These two charts, which show banks’ quarter-to-quarter change in net chargeoffs and loss provision expense as they emerged from the real estate crunch in the early 1990s, provide a very good omen for banks’ first-quarter earnings reports. Take a look:
See the pattern? As banks’ credit recovered after the 1990s crunch, management ramped up chargeoffs in the fourth quarter especially — presumably since that’s when the auditors were watching the most closely or, more likely, because the fourth quarter tends to be the kitchen-sink quarter, when companies try to put problems behind them once and for all. In any event, banks sure didn’t hold back. Then in the first quarter, reality set back in and chargeoffs plummeted. The numbers are clear. In the three fourth quarters in 1990 through 1992, banks’ net chargeoffs rose by roughly a median 35%, sequentially, on average. Then in the three first quarters from 1991 through 1993, chargeoffs fell sequentially by roughly a median 45%. By those numbers, chargeoffs fell more in the first quarter than they had risen in the fourth. As you can see, the same pattern holds for sequential changes in loss provision.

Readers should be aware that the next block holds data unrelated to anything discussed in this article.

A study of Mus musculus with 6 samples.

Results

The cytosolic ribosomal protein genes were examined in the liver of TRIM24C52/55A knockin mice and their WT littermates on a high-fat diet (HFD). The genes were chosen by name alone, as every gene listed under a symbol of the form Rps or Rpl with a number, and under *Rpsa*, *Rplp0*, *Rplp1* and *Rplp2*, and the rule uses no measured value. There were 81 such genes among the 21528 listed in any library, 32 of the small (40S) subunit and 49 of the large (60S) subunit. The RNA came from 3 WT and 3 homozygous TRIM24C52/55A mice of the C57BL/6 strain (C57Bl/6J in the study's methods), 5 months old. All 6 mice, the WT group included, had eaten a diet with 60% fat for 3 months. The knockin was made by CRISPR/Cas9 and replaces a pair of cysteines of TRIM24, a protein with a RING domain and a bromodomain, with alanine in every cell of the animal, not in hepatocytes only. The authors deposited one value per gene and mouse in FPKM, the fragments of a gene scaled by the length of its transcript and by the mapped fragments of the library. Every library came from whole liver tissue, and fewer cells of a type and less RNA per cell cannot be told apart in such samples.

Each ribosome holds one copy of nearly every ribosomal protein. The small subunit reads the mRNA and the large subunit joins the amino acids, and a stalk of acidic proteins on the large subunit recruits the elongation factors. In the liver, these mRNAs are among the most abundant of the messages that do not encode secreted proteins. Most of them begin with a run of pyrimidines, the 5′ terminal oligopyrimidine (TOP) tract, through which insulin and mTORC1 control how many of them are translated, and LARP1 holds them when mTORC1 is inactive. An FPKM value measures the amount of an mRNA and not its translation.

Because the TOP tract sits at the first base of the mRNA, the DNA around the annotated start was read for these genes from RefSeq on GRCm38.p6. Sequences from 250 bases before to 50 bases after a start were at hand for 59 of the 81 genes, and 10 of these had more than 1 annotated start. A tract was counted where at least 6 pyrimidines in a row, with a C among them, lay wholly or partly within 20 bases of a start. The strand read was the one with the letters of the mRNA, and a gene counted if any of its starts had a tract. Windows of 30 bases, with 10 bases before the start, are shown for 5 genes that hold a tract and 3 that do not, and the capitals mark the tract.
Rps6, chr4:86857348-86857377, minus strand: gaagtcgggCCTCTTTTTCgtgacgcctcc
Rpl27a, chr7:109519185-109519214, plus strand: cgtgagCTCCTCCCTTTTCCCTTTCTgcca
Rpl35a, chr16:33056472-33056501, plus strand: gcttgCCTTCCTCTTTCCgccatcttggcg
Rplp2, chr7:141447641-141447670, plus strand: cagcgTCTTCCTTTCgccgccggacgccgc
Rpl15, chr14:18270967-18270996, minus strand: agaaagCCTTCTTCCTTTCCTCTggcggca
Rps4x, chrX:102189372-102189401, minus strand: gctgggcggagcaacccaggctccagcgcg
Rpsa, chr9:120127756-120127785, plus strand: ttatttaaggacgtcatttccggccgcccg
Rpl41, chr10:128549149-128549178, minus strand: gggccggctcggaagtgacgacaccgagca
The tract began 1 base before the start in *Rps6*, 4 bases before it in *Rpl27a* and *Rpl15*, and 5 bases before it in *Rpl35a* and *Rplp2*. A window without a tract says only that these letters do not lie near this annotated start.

Human nature having not changed much since the 1990s, I don’t see why the same pattern shouldn’t hold now. If it does, the effect on companies’ bottom lines figures to be substantial. At this point in the cycle, provision expense is by far the biggest swing item on a bank’s P&L. My prediction, therefore: look for no small number of earnings surprise from banks in the coming reporting season.
Bank earnings reports for the first quarter start in earnest on the week of April 11.